Both the sides have reached the semi-finals of the Champions League, while also regularly contesting for honours domestically. Goal.com has a look at the situation...
By Hyun Min-Kim
It seems that the duopoly in Bundesliga is now becoming a given fact. Last year Dortmund won the league, setting a new record of points (81) while the runner up Bayern was nine points ahead of third place Schalke. This season it is a similar story. Die Roten won the championship within 28 rounds and second placed Dortmund is leading Bayer Leverkusen by eight points.
Not only in the domestic league but also in Europe, both teams have reached the semi-finals of the Champions league showing their growth.
Last week in the league, Jupp Heynckes’ side demolished Nurnberg 4-0 even though they fielded a second string line-up while Dortmund also triumphed against Greuther Furth, 6-1 in front of Jose Mourinho. Among Bayern’s players there were debutants Emre Can and Pierre Emil Højbjerg.
So how are these two teams dominating the league in such a brutal manner? First of all we must talk about Die Borussen’s recent success. During the mid-2000’s Dortmund was actually a financially stricken club which almost went bankrupt. But after Hans-Joachim Watzke became the CEO and Michael Zorc took charge as the director, Dortmund has recovered through intelligent management. Moreover in 2008 Jurgen Klopp became the manager, step-by-step leading them to glory.
Consequently Dortmund won back-to-back championships from 2010-11 to 2011-12, which eventually hurt Bayern's pride as Germany's dominant giant.
Their financial strength was demonstrated over the summer, when they spent €70 million in the transfer market. They bought in Mario Mandzukic, Javi Martinez, Dante, Xherdan Shaqiri, and Claudio Pizarro, which has led to another successful season.
And now Bayern is on the verge of breaking every Bundesliga record such as most points, most wins, highest goal difference and the longest winning streak.
Dortmund too now has the financial muscle to compete in the transfer market, and managed to buy Marco Reus by spending €17 million. Since they are now in the semi-finals of the Champions league, Dortmund are expecting a much higher income this year.
Jurgen Klopp’s side is still a young team. Most of their main players are still in their early 20s while talented youngsters such as Moritz Leitner, Leonardo Bittencourt, Koray Gunter, Jonas Hofmann and Marvin Ducksch are waiting for their time to shine.
However other teams such as Schalke, Bayer Leverkusen, Hamburg, Werder Bremen are currently undergoing a financially difficult phase. Schalke and Hamburg are still recovering from spending too much money on players, while Bremen only recently expanded their home stadium. So in the near future, we cannot expect any other team to challenge Bayern and Dortmund.
Watze said, "Our goal is to build two lighthouses in Germany until 2020. One is Red and White (which are colours of Bayern) and the other is Black and Yellow (which are Dortmund's)."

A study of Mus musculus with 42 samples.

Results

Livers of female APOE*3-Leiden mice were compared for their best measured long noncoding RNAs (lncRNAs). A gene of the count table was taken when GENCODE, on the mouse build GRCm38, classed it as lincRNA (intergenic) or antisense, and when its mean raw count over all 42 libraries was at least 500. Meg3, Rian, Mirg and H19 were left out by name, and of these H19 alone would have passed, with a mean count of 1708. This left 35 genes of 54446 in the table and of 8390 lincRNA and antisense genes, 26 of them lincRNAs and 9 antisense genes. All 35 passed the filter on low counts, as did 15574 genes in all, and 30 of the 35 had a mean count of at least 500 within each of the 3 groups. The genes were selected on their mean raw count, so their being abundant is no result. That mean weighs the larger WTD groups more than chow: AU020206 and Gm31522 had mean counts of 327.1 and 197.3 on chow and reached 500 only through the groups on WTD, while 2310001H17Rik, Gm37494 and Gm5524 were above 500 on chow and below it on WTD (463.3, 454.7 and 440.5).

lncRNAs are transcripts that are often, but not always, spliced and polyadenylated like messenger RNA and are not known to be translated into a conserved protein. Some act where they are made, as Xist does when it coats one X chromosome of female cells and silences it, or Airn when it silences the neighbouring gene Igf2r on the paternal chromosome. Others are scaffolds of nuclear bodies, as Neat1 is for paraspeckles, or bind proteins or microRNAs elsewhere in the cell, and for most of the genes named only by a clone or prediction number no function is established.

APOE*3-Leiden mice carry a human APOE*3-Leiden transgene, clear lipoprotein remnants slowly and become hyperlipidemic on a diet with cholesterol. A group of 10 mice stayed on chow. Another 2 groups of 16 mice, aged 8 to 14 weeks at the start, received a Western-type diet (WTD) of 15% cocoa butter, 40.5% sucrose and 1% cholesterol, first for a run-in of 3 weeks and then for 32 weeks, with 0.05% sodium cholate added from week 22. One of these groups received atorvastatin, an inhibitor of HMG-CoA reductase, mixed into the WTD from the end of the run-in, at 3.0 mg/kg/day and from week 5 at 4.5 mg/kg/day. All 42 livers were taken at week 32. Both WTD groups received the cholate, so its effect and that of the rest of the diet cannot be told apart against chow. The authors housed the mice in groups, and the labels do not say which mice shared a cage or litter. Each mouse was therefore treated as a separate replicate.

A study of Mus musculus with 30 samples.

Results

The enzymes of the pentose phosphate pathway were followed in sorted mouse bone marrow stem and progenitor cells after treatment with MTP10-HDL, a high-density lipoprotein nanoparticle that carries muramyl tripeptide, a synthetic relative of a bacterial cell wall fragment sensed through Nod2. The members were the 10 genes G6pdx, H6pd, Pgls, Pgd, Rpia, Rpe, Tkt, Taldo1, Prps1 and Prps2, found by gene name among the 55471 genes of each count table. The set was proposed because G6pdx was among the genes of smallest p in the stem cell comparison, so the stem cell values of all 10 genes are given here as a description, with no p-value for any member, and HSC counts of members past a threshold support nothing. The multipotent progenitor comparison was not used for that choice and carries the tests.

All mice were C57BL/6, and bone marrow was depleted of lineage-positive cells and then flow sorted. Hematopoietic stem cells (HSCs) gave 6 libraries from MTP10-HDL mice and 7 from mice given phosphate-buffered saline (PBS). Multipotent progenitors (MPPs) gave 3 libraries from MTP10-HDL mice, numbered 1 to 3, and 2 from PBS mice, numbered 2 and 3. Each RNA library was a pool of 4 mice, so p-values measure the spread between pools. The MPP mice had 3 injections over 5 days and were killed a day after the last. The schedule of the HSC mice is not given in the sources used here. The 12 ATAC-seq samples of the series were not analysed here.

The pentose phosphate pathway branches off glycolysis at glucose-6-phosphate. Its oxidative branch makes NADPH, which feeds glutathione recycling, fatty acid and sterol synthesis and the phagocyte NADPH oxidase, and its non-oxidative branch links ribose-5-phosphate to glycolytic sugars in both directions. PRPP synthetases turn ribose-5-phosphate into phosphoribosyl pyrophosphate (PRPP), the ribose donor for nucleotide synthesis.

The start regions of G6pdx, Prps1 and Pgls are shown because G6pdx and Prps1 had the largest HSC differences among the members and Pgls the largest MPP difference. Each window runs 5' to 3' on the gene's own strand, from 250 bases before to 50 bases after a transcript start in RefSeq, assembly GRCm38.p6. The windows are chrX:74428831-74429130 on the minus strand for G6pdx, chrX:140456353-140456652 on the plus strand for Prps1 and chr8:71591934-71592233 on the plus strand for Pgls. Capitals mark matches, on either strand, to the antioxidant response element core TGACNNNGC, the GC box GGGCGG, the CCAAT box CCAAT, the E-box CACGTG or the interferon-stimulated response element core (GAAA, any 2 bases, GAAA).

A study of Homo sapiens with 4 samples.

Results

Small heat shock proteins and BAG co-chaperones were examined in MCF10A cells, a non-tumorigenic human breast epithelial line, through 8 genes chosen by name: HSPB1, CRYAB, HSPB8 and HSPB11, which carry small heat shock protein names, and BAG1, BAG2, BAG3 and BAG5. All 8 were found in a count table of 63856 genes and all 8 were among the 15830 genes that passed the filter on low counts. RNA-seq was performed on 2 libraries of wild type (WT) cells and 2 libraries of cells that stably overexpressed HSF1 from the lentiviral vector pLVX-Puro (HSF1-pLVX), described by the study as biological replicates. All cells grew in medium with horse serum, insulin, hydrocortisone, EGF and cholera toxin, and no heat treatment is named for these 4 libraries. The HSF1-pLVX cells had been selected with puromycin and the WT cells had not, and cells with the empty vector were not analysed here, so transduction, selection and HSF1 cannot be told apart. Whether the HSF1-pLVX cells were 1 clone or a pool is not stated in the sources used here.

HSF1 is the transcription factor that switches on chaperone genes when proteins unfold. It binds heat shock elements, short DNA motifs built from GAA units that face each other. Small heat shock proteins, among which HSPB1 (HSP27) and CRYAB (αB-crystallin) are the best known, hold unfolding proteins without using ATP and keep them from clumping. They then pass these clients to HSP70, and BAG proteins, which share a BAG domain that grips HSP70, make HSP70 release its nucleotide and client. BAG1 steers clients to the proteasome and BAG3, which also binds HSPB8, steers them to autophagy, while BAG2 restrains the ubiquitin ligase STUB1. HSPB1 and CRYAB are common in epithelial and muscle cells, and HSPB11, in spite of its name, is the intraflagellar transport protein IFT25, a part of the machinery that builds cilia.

But many in Germany are concerned that this duopoly may have a negative effect to the whole league system, just like the Spanish La liga. But it is safe to say, Germany is different to Spain. It is mainly due to the financial stability of the German clubs. Although we have mentioned above that Schalke, Hamburg and Bremen are undergoing a difficult time, still their status is much healthier than that of most of the Spanish clubs.
The gross revenue of Bundesliga teams may be lower than the English Premier League (EPL) but their net income is much higher. In 2009-10 season, the net income of Bundesliga was €150 million while for EPL it was only €85 million.
The average proportion of their expediture on player’s wages is less than 50%. In case of EPL, it is 71% while Seria A is 68%, Primera Liga is 63% and Ligue 1 is 62%. This means although only Bayern and Dortmund has the power to spend big money, other teams have the strength to maintain their standards. This is helped by the fact that Bundesliga has the highest average attendance in the world and since 2002 all of the German clubs now have a modernized youth system.
Schalke reached the semi-finals of 2010-11 Champions league and beat Arsenal to the top place in this year's group stages. All seven German clubs which participated in the European competitions reached the tournament's knockout stages, which shows they will all have a competitive edge in the future.
La Liga clubs on the other hand, are in a crisis. Since the clubs all negotiate individually for the broadcasting rights, the gap between Barcelona, Real Madrid and other clubs have widened. Malaga, which reached the quarter finals of Champions league couldn't even pay their players' wages.
As a whole, we cannot refute Bundesliga is now dominated by two teams but it is very different to Spain. While both teams are now becoming a big force in Europe, the whole league is getting stronger through their stability and the German teams will turn into strong competitors in the future.